Transient impact of baseline depression on mortality in patients with stable coronary heart disease during long-term follow-up.Clin Res Cardiol. 2014 May; 103(5):389-95.CR
The objective of this prospective study was to determine the impact of depressive symptoms on long-term survival in coronary heart disease (CHD) patients treated with intracoronary stenting.
Four hundred and seventy patients completed the Hospital Anxiety and Depression Scale (HADS) before undergoing stent implantation and were followed over a 5-year period. Survival data were collected from n = 462 participants (98.3 %). A cut-off ≥8 on the HADS depression subscale was used to indicate probable clinical levels of depression.
All-cause mortality rates differed significantly between depressed and non-depressed patients at 2-year follow-up, as 6 out of 98 subjects with elevated HADS-D scores (6.1 %), but only 8 out of 364 (2.2 %) patients with normal HADS-D scores had died [odds ratio = 2.9, 95 % confidence interval (95 % CI) = 1.0-8.6, p = 0.044]. In a Cox regression model adjusted for sociodemographic and clinical parameters, positive HADS-D scores [hazard ratio (HR) = 4.3, 95 % CI = 1.2-15.4, p = 0.025], body-mass index (HR = 0.8, 95 % CI = 0.7-1.0, p = 0.040) and stent length (HR = 1.1, 95 % CI = 1.0-1.1, p = 0.042) independently predicted 2-year survival. From the third to the fifth year after index PCI, the frequency of deaths in the depressed patients' group did not significantly differ from that observed in non-depressed patients (5.5 % versus 7.0 %, p = 0.607), and the predictive role of baseline HADS-D scores for survival was lost.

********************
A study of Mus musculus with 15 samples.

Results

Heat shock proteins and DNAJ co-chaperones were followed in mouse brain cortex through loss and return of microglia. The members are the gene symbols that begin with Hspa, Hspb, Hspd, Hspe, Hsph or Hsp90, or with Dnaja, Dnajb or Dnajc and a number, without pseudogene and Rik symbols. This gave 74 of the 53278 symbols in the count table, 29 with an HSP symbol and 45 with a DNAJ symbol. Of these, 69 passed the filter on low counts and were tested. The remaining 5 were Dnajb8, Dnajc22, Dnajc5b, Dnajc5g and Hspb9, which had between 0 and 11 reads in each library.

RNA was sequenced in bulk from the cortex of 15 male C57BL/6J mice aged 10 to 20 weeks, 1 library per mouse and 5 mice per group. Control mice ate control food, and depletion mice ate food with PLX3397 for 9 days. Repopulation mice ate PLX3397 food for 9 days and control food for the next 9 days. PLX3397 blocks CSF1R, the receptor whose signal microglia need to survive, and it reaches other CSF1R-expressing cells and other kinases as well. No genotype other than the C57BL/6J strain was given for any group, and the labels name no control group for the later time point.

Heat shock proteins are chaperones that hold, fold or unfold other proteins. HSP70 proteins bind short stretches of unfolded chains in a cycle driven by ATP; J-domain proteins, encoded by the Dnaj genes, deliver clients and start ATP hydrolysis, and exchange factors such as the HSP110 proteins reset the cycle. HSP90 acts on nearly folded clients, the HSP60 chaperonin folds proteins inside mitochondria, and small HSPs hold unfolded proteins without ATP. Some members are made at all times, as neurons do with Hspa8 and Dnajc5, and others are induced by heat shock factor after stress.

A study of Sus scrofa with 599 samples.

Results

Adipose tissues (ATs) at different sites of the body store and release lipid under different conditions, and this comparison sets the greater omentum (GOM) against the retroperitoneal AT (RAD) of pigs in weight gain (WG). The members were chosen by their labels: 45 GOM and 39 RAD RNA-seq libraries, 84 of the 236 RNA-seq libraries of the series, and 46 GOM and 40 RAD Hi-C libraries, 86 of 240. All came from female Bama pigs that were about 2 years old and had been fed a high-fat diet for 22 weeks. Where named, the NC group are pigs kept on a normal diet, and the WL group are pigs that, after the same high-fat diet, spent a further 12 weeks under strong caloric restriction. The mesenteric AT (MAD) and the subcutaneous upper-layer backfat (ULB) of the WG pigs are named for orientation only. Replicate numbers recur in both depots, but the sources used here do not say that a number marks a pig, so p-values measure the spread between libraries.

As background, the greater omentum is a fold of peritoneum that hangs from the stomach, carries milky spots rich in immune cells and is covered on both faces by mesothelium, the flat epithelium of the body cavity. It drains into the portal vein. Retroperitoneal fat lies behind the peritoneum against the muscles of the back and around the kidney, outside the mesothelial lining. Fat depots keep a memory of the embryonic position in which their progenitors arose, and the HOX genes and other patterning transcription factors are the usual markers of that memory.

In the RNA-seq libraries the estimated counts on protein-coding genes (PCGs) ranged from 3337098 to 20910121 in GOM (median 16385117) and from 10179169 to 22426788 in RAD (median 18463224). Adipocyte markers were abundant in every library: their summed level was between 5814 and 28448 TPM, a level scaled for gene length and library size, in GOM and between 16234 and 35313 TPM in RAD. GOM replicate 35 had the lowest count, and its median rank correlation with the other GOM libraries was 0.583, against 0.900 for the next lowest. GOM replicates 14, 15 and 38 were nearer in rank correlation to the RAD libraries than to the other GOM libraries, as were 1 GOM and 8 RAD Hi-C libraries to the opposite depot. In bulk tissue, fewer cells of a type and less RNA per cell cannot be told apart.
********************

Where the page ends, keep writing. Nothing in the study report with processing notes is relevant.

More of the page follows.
In CHD patients, self-rated depressive symptoms at baseline were negatively linked to survival at 2-year follow-up, but failed to predict mortality 3 years later. Thus, in contrast to other well-established risk factors, the prognostic value of depression for predicting adverse outcome may be temporarily limited. The mechanisms behind this transient effect need further study.